After losing both qualifying games against Sri Lanka, the Pakistani juggernaut gathered speed to thunder to victory. Imran Nazir, on his latest entrance through Pakistan's ever-revolving door, swung his bat like a Mogul warrior's scimitar and scored 226 runs. Shahid Afridi - with a marksman's eye and a golfer's swing - formed the other half of an incendiary opening pair. His 183 runs included a hundred that brutally ended New Zealand's challenge. Yousuf Youhana made the only other century, in the final, when he and Younis Khan sapped Sri Lanka's spirit with running that belied Pakistan's reputation for comedy between the wickets. Shoaib Akhtar hurled down the quickest ball on record - 99mph - but was far more than a circus act: he was the top wicket-taker, with ten, and had the second-best economy rate, 3.86 an over.
But if Pakistan were less erratic than usual, they were ultimately lucky with the toss. Six of the seven games were won by the side batting first; the floodlights' sheen on the white pitch, and evening dew, making the ball slippy, were both cited. No captain fancied chasing, and in the final Waqar Younis called right.
Before their final débâcle, Sri Lanka slipped up only once. Marvan Atapattu was named Man of the Series for his 233 runs; Russel Arnold's calm and Upul Chandana's nerve turned the two group games against Pakistan. When the pressure gauge hit red in the second of these matches, Chaminda Vaas and Nuwan Zoysa conceded only nine runs in the final three overs. But the undoubted bowling star was Muttiah Muralitharan, the smiling assassin, who took nine wickets and conceded only 2.27 an over. Ten astonishing overs against New Zealand went for only nine runs, bagged five wickets and left several batsmen looking silly. When Murali tore shoulder ligaments in the final and was rushed to hospital, Sri Lanka lost a talisman as well as a spearhead. Their self-belief visibly ebbed, calling into question the insistence of Dav Whatmore, their coach, that they had become mentally tougher.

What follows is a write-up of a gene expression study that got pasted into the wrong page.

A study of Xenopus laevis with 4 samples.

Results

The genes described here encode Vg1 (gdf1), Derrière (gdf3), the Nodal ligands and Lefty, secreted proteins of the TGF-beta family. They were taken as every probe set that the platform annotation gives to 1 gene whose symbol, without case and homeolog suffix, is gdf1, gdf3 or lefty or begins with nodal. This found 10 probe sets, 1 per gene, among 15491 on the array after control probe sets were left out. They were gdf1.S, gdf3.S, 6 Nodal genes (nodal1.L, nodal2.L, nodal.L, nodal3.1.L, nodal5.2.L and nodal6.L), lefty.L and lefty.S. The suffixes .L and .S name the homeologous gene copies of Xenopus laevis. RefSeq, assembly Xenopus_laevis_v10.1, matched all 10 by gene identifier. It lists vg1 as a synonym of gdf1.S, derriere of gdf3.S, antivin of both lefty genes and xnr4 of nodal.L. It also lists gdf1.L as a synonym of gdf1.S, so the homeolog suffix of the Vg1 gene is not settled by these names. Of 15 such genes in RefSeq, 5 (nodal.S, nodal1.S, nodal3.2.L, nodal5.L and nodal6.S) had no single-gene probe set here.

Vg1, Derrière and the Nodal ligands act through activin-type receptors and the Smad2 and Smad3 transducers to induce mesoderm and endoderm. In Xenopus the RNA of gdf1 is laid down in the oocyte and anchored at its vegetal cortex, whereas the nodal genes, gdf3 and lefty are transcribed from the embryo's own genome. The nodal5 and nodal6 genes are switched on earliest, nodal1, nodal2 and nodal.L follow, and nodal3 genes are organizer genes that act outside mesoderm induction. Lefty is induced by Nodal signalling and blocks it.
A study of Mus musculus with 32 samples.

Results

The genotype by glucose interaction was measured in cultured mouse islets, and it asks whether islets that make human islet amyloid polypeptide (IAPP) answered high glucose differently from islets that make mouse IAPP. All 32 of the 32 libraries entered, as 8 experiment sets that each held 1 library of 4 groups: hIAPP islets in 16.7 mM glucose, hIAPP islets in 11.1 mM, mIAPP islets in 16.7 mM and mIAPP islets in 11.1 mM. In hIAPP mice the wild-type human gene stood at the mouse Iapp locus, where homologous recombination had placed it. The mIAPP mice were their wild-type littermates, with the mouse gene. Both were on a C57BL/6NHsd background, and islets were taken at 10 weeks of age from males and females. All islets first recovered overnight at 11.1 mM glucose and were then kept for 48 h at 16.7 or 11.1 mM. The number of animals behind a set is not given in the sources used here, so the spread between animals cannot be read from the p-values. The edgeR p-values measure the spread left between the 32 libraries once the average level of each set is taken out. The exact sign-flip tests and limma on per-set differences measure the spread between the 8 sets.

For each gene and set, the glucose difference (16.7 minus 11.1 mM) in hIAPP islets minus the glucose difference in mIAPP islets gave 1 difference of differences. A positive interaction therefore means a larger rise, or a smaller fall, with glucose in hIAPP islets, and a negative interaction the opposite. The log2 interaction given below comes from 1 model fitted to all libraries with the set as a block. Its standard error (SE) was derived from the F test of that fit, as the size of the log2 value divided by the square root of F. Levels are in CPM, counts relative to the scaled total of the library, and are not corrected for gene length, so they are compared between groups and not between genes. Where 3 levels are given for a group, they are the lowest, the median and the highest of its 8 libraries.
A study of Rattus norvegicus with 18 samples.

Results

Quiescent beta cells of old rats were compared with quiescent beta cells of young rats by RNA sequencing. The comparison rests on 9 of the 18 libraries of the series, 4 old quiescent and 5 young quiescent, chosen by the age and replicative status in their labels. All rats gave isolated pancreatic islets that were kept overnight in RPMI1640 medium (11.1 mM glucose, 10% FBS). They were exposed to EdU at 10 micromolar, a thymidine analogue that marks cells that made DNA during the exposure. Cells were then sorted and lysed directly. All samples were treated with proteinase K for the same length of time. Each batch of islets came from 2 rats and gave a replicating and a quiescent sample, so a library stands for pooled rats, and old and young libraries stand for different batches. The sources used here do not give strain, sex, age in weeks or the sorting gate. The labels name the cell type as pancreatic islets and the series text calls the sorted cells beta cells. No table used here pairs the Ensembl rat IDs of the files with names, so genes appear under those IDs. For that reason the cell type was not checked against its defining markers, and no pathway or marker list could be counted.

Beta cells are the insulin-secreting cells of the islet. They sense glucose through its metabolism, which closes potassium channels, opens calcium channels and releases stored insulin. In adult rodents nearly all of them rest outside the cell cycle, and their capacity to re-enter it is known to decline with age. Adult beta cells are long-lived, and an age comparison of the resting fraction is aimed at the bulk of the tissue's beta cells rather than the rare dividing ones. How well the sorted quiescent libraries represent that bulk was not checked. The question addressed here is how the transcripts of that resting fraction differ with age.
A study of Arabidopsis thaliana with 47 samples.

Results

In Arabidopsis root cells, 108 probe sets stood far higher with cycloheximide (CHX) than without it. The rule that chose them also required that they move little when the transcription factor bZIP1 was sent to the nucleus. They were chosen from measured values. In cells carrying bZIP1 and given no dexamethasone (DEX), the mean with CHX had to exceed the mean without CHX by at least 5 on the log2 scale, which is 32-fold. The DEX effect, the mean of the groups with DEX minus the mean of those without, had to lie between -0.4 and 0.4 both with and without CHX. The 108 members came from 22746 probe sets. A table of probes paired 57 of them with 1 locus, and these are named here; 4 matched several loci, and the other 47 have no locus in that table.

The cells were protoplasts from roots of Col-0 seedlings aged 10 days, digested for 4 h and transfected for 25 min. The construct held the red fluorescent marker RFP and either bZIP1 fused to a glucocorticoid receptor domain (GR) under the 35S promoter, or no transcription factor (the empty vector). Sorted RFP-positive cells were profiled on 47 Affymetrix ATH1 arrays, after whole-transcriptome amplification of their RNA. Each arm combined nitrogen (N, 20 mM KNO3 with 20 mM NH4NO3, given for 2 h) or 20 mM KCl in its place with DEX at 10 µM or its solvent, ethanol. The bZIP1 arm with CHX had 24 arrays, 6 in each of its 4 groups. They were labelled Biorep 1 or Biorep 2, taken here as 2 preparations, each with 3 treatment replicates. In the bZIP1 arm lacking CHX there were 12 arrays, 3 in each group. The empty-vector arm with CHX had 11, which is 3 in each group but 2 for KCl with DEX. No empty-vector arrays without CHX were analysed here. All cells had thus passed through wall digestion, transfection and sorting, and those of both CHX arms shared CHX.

New Zealand were too exposed by injuries to sustain a challenge: half a dozen regulars cried off. Chris Nevin impressed as a hard-hitting opener but disappointed as a keeper before pulling a hamstring. Stephen Fleming bashed his finger, and Craig McMillan injured his foot. Those still standing battled hard, but the batting lacked firepower and, although Scott Styris collected nine wickets, Fleming had no banker to turn to when the going got tough.